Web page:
The project was created for Sparkfun's microcontroller competition 2011 and aims to demonstrate an number of useful design techniques which can be used when working with low-pin count microcontrollers. The code is written entirely in C and fits neatly into the 2K of available program flash on the chip. The PCB is only 1.5 inches square and uses both SMD and through-hole components, however it is perfectly possible to recreate the project using larger components on a breadboard or a small piece of strip-board.
The game is powered by a standard CR2032 3V lithium cell which is mounted on the underside of the game. The design uses the ultra low power standby feature of the microcontroller meaning that no power switch is required. Overall power consumption is kept to a minimum by using the internal oscillator of the PIC running at 4Mhz.
You can see a video of it in action over on youtube
Step 1: Parts List
The MicroSimon hardware consists of the following parts:
* 1 x PIC12F683 SOIC 8-pin microcontroller
* 5 x 10K resistors (1206 SMD)
* 1 x BC817 NPN Transistor
* 1 x 100nF capacitor (0805 SMD)
* 4 x 3mm LEDs
* 1 x CR2032 battery holder
* 5 x Tactile push-button switches
* 1 x QMX-05 speaker
* 1 x 6 pin 2.54" right angled header
Step 2: Circuit Schematic and PCB
Step 3: 4 Switches on 1 ADC Pin
Step 4: Charlieplexing the LEDs
Step 5: Hardware (the Rest Of...)
The sound circuitry consists of a miniture QMX-05 speaker with a single NPN transistor which makes the sound louder and also avoids placing a high load on the microcontroller's output pin. It is possible to drive the speaker directly from the PIC without using the resistor or transistor, however this results in a much weaker sound. If you want to build the circuit using larger components the BC817 can be replaced with any compatible small-signal transistor such as a BC547 or BC337.
Step 6: Firmware Design
This module is responsible for reading the button state via the PICs ADC. The ADC is read and the pressed button is determined using a small range of possible input voltage for each button. The code also provides button debounce on and off to ensure that the button action is 'positive' and noisy switches do not result in false readings (which would not be fun during your epic winning game!).
This module provides the charlieplexed LED control which sets the PIC's port directions and power output in order to light the correct LED.
This module contains the commands to put the PIC into low-power sleep mode.
This module contains functions which allow the sound to be turned on (at a specified frequency) and turned off. It also contains the interrupt service request (ISR) function which is called using a timer1 based interrupt and toggles the output pin on and off to generate the required sound.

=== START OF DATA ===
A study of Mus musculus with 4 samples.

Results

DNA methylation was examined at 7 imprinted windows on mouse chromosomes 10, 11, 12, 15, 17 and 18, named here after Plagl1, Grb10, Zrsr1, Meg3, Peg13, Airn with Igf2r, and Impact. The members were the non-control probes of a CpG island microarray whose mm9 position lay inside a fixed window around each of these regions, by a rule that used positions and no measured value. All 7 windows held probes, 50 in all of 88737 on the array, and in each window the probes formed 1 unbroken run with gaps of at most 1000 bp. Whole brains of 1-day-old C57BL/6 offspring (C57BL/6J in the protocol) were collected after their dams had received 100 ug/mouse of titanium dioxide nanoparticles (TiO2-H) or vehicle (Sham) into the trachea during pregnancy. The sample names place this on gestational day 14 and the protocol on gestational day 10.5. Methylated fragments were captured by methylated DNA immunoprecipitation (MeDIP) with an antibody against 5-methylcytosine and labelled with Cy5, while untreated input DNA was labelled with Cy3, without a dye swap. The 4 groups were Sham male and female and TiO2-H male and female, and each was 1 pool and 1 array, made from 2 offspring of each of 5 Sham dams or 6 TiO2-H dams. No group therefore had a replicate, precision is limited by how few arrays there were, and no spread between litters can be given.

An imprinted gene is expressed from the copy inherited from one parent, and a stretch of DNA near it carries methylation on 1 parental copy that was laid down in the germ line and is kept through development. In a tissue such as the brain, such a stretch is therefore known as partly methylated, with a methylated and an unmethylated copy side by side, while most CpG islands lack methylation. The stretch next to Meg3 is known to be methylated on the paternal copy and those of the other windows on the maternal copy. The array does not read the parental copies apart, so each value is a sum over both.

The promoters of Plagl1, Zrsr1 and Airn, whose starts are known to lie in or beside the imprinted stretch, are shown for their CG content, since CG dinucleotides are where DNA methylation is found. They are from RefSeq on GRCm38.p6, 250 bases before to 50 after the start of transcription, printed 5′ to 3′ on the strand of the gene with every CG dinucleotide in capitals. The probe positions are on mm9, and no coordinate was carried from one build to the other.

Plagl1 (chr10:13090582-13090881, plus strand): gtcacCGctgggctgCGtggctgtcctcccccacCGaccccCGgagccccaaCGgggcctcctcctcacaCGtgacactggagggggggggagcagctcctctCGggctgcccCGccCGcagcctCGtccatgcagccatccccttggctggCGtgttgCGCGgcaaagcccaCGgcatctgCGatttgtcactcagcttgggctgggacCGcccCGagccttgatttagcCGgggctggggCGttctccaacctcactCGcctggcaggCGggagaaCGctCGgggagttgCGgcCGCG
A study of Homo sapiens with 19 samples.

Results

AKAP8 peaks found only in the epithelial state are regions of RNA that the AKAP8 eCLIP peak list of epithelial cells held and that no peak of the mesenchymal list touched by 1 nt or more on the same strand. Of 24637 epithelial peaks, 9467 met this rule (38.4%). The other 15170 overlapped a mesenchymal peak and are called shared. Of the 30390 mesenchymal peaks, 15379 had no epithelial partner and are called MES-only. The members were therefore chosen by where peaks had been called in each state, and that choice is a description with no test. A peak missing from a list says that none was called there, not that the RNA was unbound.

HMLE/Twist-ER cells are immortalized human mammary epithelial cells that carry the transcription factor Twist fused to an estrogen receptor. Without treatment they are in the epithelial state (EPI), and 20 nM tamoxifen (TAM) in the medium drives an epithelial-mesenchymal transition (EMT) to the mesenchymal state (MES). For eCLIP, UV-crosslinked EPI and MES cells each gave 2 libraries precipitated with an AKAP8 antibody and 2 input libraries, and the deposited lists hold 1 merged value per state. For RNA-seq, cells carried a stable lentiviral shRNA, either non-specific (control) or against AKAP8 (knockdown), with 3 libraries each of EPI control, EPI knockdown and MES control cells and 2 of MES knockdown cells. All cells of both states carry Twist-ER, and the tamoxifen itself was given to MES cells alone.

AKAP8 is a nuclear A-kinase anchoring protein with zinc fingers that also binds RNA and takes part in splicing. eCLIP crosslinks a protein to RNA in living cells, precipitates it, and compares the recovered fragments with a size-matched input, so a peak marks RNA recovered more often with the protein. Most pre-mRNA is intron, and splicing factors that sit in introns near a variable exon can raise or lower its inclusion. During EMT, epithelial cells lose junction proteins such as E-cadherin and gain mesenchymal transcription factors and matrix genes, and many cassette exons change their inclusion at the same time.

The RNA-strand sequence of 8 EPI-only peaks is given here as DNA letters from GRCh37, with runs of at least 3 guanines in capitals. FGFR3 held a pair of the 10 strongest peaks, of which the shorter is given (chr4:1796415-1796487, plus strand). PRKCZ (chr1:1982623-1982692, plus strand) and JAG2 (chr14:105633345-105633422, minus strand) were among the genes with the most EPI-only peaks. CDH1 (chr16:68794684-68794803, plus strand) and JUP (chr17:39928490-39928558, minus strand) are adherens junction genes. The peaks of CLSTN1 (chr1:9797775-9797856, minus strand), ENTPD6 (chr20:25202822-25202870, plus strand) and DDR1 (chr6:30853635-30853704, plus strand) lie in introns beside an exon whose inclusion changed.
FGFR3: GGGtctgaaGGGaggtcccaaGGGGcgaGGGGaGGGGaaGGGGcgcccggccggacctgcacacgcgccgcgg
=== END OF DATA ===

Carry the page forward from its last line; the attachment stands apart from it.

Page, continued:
This module contains the game's state-machine which is polled by the main looping function every 10 milliseconds. The game is implemented as a polled state-machine to allow accurate timing of the game whilst avoiding using interrupts (which would interfere with the sound generation since the PIC12F does not have multi level prioritised interrupts). The polling technique also allows the PIC to constantly read the game's button states and perform debounce without preventing the game from waiting for time-outs and user input during the game.
The game itself is based on the original game 1 from the MB Electronics Simon game. The game outputs an ever increasing number of colours in a sequence which you must repeat in order to win. The number of colours in the winning sequence is determined by the selected skill level.
The main.c module initialises the PIC ready for use and then allows the user to select a required skill level before starting the game. Once the start button has been pressed the firmware 'chases' the LEDs to indicate it is waiting for skill level selection. The user selects skill level 1 to 4 by pressing the blue button for level 1, the red button for level 2, the green button for level 3 or the blue button for level 4.
The main module is also responsible for generating a random number which selects the next colour in the sequence. This is done using the simple technique of continuously incrementing a counter between 1 and 4 as the game poll loops. Since the game reads the counter based on when the user presses a button the result is a random number being picked every time. Since the time between pressing the reset button and the PIC being ready is constant, the initial skill level selection is used to get the random first colour for the game.
Step 7: Project Files
MB Electronics Simon is one of my favourite games and I love the idea of being able to have a truly pocket-sized version. As a next step I will probably build a small case for the game and mount in neatly to protect the electronics. I'd been thinking about building a version of the game using an 8-pin PIC for a while, so thank-you to Sparkfun's microcontroller competition for giving me the encouragement to get it built and working!